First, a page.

Q&A: ‘Beyond the Diagnoses’ exhibit will feature local student

This is the portrait of Emma Clatterbuck that is included in the “Beyond the Diagnosis” art exhibit.

As doctors, researchers and others in the medical field view a traveling art exhibit throughout the nation, one of the faces they’ll see belongs to Emma Clatterbuck, 9, of Marietta.

The Putnam Elementary student was selected to be part of the “Beyond the Diagnosis” exhibit that will be featured at the National Institutes of Health, Harvard University, the FDA and other sites. Emma was diagnosed at age 5 with a genetic mutation–STXBP1–that causes Epileptic Encephalopathy, a rare and very serious form of epilepsy.

Due to the condition, Emma can’t talk. But her voice will still be heard as part of the exhibit, which features portraits of 60 children, all who have a different rare disease. Organizers hope to someday represent 7,000 rare diseases in an effort to humanize those with the diagnoses and inspire further research.

Emma’s mother, Jennifer Clatterbuck, will be traveling to Boston on Thursday for a private showing of the artwork.

Question: Can you tell me a little about the exhibit?

Answer: It’s a traveling exhibit created by the Rare Disease United Foundation, which was started by a mom with two children who have rare diseases. Through the exhibit, they wanted people to actually see the person behind the diagnosis. The artists donated their time and had the freedom to use whatever technique they wanted. The artist that did Emma’s portrait is actually a professional automotive artist–he paints cars.

Q: How did the process work? Did he paint from a photo or get to see Emma?

A: He used a photo that we had sent in.

Q: Did you like the portrait? Do you think it was in Emma’s likeness?

A: It’s almost identical to the picture he used. It really captured the look in her eyes, too. I think he did a very good job, especially with never getting to meet her.

Q: You’ll be going on March 1 to see the portrait in person?

A: It’s a private showing at a drug company and they’re really excited about me going. The idea of these exhibits is to place them on medical universities and places researchers and doctors frequent. They want to raise interest and awareness in studying these diseases.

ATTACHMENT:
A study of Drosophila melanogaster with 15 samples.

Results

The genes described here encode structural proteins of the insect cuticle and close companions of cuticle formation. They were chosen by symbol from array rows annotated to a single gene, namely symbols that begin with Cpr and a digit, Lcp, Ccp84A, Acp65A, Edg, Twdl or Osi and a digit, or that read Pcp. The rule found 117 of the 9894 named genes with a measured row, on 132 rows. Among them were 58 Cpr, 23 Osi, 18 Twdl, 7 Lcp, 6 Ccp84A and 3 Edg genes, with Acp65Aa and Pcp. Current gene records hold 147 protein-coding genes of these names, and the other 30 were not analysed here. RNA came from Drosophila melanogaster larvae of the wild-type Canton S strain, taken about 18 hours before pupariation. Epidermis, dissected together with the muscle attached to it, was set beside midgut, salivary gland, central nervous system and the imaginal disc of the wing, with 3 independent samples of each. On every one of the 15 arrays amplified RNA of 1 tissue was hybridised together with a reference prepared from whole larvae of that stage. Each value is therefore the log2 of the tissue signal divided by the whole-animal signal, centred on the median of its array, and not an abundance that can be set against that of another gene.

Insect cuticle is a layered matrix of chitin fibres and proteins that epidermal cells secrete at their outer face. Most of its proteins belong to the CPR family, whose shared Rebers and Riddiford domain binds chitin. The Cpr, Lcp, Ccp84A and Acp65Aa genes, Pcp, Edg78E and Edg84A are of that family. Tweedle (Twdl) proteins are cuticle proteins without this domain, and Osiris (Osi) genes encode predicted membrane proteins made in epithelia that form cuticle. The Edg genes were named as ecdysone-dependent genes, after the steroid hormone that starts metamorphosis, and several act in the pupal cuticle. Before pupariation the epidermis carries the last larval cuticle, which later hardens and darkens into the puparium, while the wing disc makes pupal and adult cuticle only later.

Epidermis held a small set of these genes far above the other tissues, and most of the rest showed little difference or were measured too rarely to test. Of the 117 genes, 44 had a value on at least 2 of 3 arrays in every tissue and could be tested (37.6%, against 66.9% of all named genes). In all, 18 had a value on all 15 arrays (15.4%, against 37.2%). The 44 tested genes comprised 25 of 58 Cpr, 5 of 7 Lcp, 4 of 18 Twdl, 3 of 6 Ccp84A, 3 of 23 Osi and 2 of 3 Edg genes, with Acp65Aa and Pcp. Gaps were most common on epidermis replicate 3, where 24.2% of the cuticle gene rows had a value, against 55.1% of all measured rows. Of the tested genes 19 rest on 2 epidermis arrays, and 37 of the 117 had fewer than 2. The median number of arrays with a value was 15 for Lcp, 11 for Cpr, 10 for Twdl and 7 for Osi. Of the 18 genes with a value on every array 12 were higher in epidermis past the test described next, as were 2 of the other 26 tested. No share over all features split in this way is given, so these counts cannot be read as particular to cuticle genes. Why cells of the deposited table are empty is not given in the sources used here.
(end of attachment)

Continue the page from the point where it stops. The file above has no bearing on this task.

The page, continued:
Q: How was Emma selected?

A: A friend of mine sent me the CBS (News) episode on the exhibit and online there was a form you could fill out. It said if you were chosen you wouldn’t know until they had already painted the portrait. I sent it in over a year ago and got an email in the fall.

Q: What does it mean to you that in all these places Emma’s face will be there representing her illness?

A: Her gene mutation is still very, very new and there’s not a lot known. When I go to the doctor’s and ask what they know, they tell me I’m going to be the expert. Parents just know more than doctors at this point. For five and a half years we had no idea why she was having seizures, why she couldn’t walk or talk. To now know and not only know but to get to help spread awareness, is kind of special. To be one of the pioneers I consider to be a big deal. Emma is representing the entire STXBP1 community.

Q: How many cases like hers have been diagnosed?

A: Right now, there are fewer than 300 diagnosed cases and probably more undiagnosed. Hopefully, another thing to come from this is that doctors will start testing for it.

Q: If there are people in our community who want to help in some way, what can they do?

A: They can visit stxdisorders.org. That’s the main site for the foundation.

Q: How is Emma doing these days?

A: She just had hip surgery so she can’t go to Boston but she’s doing really well. Her recovery was slow, slower than we thought, but she’s not had any serious seizures which is always a concern after surgery.

Q: What’s she interested in right now? What makes her happy?

A: She loves to be outside and going to school and being around other kids. She’s really sociable.

Q: What do you hope is the main message people get from this exhibit?

A: There’s a book of the portraits and in the front they say something that’s really neat. It says “It’s not what you look at that matters, it’s what you see.” I think that’s what this exhibit is all about. It’s about getting people to look past what they see on the outside and to look beyond that.

Kate York conducted this interview.

Emma Clatterbuck’s Biography

When people see Emma, they see a child who is wheelchair-bound and unable to speak or share her thoughts. I know many people wonder what her story is and why she is the way she is. What they don’t see is that Emma has been a kind of teacher since she entered our lives. She has taught us what is important and what is okay to let go of. She has taught us love and kindness. She has taught her teachers and classmates acceptance, creativity, and patience. She has taught every person who has crossed her path and taken the time to get to know her, joy and how to appreciate every day and the special moments found in each one. Since her diagnosis, she has participated in a number of research studies and through them, will hopefully help teach the medical community about STXBP1.

¯ Note: This bio was written by Jennifer Clatterbuck and included in the exhibit materials.